Jan 312020

By Patty Wilber

We have a new resident here at the place!

She is an nine-year-old bay mare with scoliosis and belongs to Mary Ann S.  The S might stand for “Soft Hearted”.

Here is what scoliosis might look like in a person.

The picture came off a pop up info panel when I googled “scoliosis”, so not sure how to cite it…


Here is what Breeze’s back looks like. You can see the curvature.

Breeze is kind of dirty (I brushed her prior to this “photo shoot”, I swear!) because she really, really likes to roll and she can roll all the way over, both directions!  Not all able bodied horses can do that.

When Mary Ann acquired this mare, they went for consultations to two different vets (Dr. Dixon and Dr. Dralle). The vets agreed that while Breeze moves a little crookedly, she is basically ok, but might benefit from previcox/equioxx.  (An anti-inflammatory pain killer with few known side-effects in horses).  Breeze gets a quarter pill per day, which, oddly, is about the same amount you would give a rhino, according to Dr. DeBlanc, who recently did a stint in Africa working at Care for Wild Rhino Rescue.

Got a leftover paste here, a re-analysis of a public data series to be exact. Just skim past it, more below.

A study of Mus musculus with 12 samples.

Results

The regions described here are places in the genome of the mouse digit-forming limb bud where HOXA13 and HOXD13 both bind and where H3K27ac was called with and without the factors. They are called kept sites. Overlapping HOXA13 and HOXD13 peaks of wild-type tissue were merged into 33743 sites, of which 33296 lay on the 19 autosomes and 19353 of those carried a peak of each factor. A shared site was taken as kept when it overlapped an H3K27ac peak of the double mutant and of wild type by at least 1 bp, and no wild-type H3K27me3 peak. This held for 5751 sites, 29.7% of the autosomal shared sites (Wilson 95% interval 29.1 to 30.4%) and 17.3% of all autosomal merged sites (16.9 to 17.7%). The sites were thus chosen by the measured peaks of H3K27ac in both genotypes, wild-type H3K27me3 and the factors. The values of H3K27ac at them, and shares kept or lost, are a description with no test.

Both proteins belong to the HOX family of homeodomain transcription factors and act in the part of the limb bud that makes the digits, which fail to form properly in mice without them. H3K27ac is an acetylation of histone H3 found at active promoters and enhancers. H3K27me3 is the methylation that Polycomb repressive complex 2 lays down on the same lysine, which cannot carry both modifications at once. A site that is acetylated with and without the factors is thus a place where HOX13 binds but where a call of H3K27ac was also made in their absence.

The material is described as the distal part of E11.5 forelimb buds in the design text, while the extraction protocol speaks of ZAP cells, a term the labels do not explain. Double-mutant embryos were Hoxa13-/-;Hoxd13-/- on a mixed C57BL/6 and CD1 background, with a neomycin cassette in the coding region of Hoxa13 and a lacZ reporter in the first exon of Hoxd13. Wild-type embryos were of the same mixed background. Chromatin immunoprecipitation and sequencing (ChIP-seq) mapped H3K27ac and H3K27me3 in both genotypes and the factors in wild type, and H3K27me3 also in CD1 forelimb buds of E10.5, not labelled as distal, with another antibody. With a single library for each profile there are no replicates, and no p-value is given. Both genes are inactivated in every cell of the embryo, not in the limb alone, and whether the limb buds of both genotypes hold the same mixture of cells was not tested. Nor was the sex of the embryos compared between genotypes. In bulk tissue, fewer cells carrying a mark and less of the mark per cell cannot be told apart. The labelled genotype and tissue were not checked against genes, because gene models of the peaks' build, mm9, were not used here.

Scoliosis, a curvature of the spine, is most often attributed to congenital vertebral malformations, possibly associated with malposition of the fetus in the uterus.

However, researchers have linked cases of acquired scoliosis presented at Cornell University to migration of a parasite only recently reported in horses.

Amy Johnson, DVM, a resident in Large Animal Internal Medicine at Cornell, discussed this issue at the 2008 American Association of Equine Practitioners convention, held Dec. 6-10 in San Diego, Calif.”

Mary Ann believes Breeze was born with hers and did not get it from the aberrant migration of a nematode through her spinal column!

Breeze enjoys evenings in her own pen and days out in a big lot with Coco and Birdie (of last week’s Buddy Horse Training fame), LT and Lucy.  These five mares get along really well. Birdie likes to pretend she is the boss of Coco and Breeze, but LT is the actual leader of those five. Penny, the ultimate boss mare on the place, gets to join the herd in the afternoons.

Before the sun was all way over the ridge to our east, Jim took this photo. Breeze and Birdie eating together with Coco in the background.

I tried to get some more quick group shots Thursday afternoon, but someone wanted to follow me around, so I ended up with this.

Breeze! It always cracks me up when I take pictures and it is only afterwards that I see I got a shot with a tongue! LT and Lucy (barely) are in the background.

Breeze is doing well both mentally and physically and has obviously made friends. Sometimes she even entertains us with running and bucking demonstrations!

I might con Mary Ann in to teaching her to do tricks at liberty.

Welcome, Breeze!

  2 Responses to “Scoliosis in Horses”

  1. That is an…interesting…back. From a place of ignorance about scoliosis in horses…it looks like it would make work under saddle impossible. Yes? No?